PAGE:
I Saved Him - Short Story
Updated: Mar 26
© 2016, Jori Hanna
Strange times call for strange measures. What I did that day should never have worked. I
shouldn't have escaped. Not from them. They were the strongest, the fastest, the most equipped people out there, and I got away from them.
But that's not all I did.
I also took down their hierarchy, foiled their devious schemes, and saved the country.
That's right. I am a hero. At least, that's what I like to think. The story isn't as great as I make it
out to be. All I did was stop a thug from bullying a less experienced coworker. I got in the thug's face a bit. I mocked him. I did to him exactly what he did to the little guy. Oh, the look on his face! The thug never knew I knew how to box. The thug never knew a lot about me. The guy just figured, 'Hey, this one's small, too. I can get his lunch money.'
Never before had I wanted to punch someone so bad. I walked in on him pinning the little
guy up against the fridge in the break room. A wiser man probably would'a walked away, turned a blind eye. But me? Nah. I just got two pretty shiners and a few sore ribs. I guess I didn't quite escape then, either. Not to mention I lost my job. Something about picking a fight where there wasn't no need for one. That had to be the wise guys talkin'.
But I wasn't the only one who took a beating that day. The thug looked much worse than
me. A few quick elbows to the ribs and an upper cut to the jaw ... Yeah. That did him in. It was
his buddies standing guard outside that got the jump on me. Coward, calling for back up. Who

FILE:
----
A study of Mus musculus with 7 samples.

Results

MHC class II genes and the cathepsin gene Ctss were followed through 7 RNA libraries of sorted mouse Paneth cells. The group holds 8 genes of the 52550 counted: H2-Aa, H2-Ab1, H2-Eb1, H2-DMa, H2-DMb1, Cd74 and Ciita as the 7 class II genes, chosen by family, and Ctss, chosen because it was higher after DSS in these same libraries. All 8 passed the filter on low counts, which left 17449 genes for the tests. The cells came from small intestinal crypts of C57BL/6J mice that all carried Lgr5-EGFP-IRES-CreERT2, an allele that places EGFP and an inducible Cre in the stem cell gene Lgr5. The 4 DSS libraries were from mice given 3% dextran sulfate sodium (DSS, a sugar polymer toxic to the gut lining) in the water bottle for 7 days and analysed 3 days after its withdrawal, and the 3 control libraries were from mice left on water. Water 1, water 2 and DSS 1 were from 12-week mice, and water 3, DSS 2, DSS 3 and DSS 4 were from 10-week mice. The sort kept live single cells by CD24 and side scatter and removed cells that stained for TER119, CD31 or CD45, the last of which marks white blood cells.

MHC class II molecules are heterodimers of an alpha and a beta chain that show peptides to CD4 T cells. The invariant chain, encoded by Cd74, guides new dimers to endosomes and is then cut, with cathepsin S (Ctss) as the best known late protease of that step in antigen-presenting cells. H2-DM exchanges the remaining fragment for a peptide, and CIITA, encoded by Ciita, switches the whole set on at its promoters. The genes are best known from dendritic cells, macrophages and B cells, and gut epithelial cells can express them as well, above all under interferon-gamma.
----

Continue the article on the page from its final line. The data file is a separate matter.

did he think he was? Those two lost their jobs, as well. Good riddance. The company's better off
without 'em. My mama told me, when I got in my first fight at school, that I ought'a be careful who I mess with, that not everyone was worth savin' when it was me who'd end up on the streets, hungry, because of my hero complex. Maybe I should'a listened, Mama. Will you come pay my bail now? Don't you worry about the medical bill, Mama, insurance is payin' that. I did listen to you there. And a smart move that was. You're always so smart, Mama. I know what you'd say to me now. Probably you'd say, "Lance Arthur Williams, how could you? What were you thinkin', goin' in there like that?" And I'd be forced to say, "Well, Mama, I guess I thought I could help."
And you'd say, "Lancey, you always did have a problem with that. When ya gonna learn that
some people aren't worth savin'?"
Everyone's worth savin', Mama. Everyone. If I saved those thugs today by beatin' 'em up,
then I'll take the black eyes and bruised side. I made a little guy feel safe. And I saved him.
This story, segments of this story, and ideas from this story are not to be duplicated or replicated in anyway. This content belongs to J. J. Hanna alone.
Please note: This is a work of fiction. Any similarity to real life events is unintended by the author.